FD/Respectable Negroes/Communal Exercise/GO:
In the midst of political madness and NBA ground-humming, we turn this week to place you in the hands of the fine folks over at We Are Respectable Negroes. Your host is Gordon Gartrelle, who has planned a most devious exercise. Mr. Gartrelle, please proceed...
Welcome to the All-Time Presidential Candidate one-on-one 21 Tournament, a singular event over 150 years in the making. What makes this tournament so special? All of the participants ran for president either as Democrats or as Republicans (a criteria that has rankled a number of 3rd party candidates). Many of the participants actually made it to the White House, but some never even made it out of their party’s primaries. The games are governed by standard 21 rules: maximum 3 free-throws after a made basket, players go back to 11 if they score more than 21 points, no out of bounds, only blatant fouls, traveling, and double dribbles called.
[CLICK HERE to download a bracket.]
Democratic Bracket Overview
So far, most of the buzz has surrounded the Northeastern Division, where some controversial selections have many fans talking. Selection day was bittersweet for fans of the Kennedy Brothers. John made it in as a #2 seed, but Robert and Teddy weren’t so lucky, despite their strong qualifications. Kennedy fans are especially upset with the decision to invite Shirley Chisholm and Joe Lieberman to the dance, as many believe that the inclusion of these two candidates are based on politics rather than on merit. But again, this division was simply too deep, and we haven’t even mentioned the omissions of Massachusetts candidates John Kerry and Michael Dukkakis. Also watching from home is New York’s Al Sharpton, whose formal appeal for the selection committee to include an African-American Division (comprised of himself, Jesse Jackson, Barack Obama, and Shirley Chisholm), was denied last week. Sharpton is now claiming that the selection committee was trying to send him a message by inviting the other three African- American candidates.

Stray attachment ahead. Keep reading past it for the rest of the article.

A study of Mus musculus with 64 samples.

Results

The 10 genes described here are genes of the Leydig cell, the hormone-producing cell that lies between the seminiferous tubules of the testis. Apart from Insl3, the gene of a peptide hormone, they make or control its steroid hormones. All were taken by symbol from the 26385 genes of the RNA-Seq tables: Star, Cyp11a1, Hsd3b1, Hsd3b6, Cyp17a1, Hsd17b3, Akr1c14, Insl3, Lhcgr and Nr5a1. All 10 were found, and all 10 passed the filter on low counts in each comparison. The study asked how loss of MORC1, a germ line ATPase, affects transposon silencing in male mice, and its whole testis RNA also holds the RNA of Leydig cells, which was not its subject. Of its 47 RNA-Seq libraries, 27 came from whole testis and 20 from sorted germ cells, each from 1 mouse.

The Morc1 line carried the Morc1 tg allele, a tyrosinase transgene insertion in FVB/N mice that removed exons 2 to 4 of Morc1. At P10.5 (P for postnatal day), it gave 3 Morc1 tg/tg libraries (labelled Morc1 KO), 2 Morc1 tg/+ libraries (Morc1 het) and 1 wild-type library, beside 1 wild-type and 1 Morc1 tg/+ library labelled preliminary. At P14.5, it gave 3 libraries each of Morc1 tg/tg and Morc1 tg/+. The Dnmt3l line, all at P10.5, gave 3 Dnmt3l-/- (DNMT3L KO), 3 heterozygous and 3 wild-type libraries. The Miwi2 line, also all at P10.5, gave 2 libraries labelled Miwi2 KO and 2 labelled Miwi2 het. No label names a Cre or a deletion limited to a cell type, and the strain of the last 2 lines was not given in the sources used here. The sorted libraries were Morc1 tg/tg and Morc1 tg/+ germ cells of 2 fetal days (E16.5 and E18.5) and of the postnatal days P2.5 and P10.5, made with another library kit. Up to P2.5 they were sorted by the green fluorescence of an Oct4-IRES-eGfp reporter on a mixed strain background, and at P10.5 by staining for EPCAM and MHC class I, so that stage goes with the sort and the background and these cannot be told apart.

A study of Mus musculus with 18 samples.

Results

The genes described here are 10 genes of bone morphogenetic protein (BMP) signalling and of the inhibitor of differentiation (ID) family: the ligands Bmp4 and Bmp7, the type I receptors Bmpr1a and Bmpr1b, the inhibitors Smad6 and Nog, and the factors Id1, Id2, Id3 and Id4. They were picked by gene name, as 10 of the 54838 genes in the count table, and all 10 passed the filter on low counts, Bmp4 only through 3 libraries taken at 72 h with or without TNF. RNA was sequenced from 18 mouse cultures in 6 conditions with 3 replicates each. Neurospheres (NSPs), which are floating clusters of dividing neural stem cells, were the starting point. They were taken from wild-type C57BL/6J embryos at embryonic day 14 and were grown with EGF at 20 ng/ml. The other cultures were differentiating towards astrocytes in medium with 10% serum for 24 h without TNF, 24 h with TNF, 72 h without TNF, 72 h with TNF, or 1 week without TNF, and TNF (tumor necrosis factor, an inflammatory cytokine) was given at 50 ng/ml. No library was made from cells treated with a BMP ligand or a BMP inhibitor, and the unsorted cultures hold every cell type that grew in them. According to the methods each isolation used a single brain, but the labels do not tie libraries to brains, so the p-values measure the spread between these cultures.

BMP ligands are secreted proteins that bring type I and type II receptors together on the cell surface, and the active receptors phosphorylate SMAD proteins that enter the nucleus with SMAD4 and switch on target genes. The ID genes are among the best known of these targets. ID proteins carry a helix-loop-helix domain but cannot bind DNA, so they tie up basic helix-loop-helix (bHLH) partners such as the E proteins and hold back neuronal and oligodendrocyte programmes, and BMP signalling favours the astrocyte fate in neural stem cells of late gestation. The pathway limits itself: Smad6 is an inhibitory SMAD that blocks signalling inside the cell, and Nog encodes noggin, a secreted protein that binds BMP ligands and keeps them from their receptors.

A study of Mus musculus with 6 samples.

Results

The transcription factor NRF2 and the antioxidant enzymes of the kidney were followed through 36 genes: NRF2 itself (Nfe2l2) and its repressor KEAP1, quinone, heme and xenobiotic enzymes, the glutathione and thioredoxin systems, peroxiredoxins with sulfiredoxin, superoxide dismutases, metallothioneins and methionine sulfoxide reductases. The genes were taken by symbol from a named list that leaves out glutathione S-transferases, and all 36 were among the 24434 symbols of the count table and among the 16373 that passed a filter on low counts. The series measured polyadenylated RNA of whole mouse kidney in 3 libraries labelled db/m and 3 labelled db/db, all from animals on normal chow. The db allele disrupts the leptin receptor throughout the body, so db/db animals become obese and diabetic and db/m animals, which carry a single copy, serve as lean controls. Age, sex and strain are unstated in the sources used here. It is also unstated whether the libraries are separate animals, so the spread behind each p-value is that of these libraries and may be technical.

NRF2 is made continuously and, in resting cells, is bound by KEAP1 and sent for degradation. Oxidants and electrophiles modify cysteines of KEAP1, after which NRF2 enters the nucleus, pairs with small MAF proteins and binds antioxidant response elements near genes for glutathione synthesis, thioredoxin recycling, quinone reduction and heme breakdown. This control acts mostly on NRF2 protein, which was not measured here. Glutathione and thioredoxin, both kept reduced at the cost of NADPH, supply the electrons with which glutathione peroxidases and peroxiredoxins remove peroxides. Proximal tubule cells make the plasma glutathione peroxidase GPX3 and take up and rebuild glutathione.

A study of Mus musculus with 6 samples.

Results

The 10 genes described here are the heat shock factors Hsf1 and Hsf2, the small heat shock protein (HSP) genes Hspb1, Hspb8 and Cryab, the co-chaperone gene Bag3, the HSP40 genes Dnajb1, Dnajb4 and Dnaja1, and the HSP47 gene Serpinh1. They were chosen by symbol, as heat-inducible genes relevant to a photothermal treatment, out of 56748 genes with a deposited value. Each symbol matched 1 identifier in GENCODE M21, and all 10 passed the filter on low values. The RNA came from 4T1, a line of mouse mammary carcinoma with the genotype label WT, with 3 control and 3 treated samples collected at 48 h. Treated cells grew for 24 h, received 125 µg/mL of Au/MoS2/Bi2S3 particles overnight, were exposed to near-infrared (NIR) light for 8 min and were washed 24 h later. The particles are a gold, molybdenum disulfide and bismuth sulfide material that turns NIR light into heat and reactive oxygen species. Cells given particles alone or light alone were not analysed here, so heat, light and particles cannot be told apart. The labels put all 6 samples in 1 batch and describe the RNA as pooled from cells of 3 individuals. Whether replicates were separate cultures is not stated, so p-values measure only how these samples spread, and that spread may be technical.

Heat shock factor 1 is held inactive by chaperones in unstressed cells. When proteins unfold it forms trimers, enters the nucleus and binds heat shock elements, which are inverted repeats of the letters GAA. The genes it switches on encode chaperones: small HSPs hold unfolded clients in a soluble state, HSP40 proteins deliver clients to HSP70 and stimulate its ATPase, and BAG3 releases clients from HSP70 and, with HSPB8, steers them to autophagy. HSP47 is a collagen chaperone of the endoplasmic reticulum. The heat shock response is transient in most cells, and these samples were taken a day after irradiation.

And folks, that’s just one Division. There are a whole bunch of stories in the other Democratic Divisions. Check out the Southern Division, where husband and wife Bill and Hillary Clinton match up in the first round. Something tells me that if Bill pulls this one out, he’ll be sleeping on the couch for quite some time. Then there’s the Southern Cracker Division, pitting segregationist Dixiecrat candidates George Wallace and Strom Thurmond against one another. The Midwestern Division is extremely interesting, with flamboyant candidates Jackson, Bryan, and Obama gunning for the more reserved Truman.
The #1 seeds are strong on the Democratic side: FDR, Truman, Bill Clinton, and LBJ. Any one of them has what it takes to go all the way, but again, there are a lot of candidates looking to knock them off. It should be fun.
Republican Bracket Overview
And on the Republican side, Teddy Roosevelt, Abe Lincoln, Eisenhower, and Reagan are all in as #1 seeds—a formidable group indeed. Many feel that this is Reagan’s tournament to lose, but keep your eye on the lanky, unorthodox upstart Abraham Lincoln. We haven’t seen much of him to this point, but those who know him say that his nickname is “Honest Abe” because he’s The Truth. I look forward to seeing him in action. Nixon, one of the craftiest candidates ever, could play the role of spoiler. And speaking of crafty, Dick Cheney was chosen as a #3 seed out of the Midwestern Division. Cheney was a questionable choice, as he never formally ran for president. The selection committee decided to make an exception for him, however, given his unmistakable influence on the office and his practical experience as effective commander-in-chief. Another surprising choice is Louisiana’s David Duke. He’s never been considered a major player, but his game has been heavily influenced by the scrappy Democrats in the Southern Cracker Division, so his opponents would be wise not to underestimate him.
Another intriguing potential match up down the road is Bush 41 vs. Bush 43. They’re both #2 seeds: Sr. representing the Northeast, and W. representing the South. How fascinating it would be to see this oedipal real-life “He Got Game” scene played out in this Tournament.
The most notable Republican candidates on the outside looking in are New York’s Thomas Dewey and Rudy Giuliani. The latter made several passionate pleas to be included, based on his handling of 9/11, but it was not to be. And finally, the Clintons and the Bushes aren’t the only family ties here. I have to mention the possibility of an all-Roosevelt final. Distant cousins Franklin and Teddy could potentially face each other for the 21 Title, but each must make it through their respective parties’ tough brackets to make this a reality.
Fill out your brackets, people, and we’ll see you tomorrow for Round 1.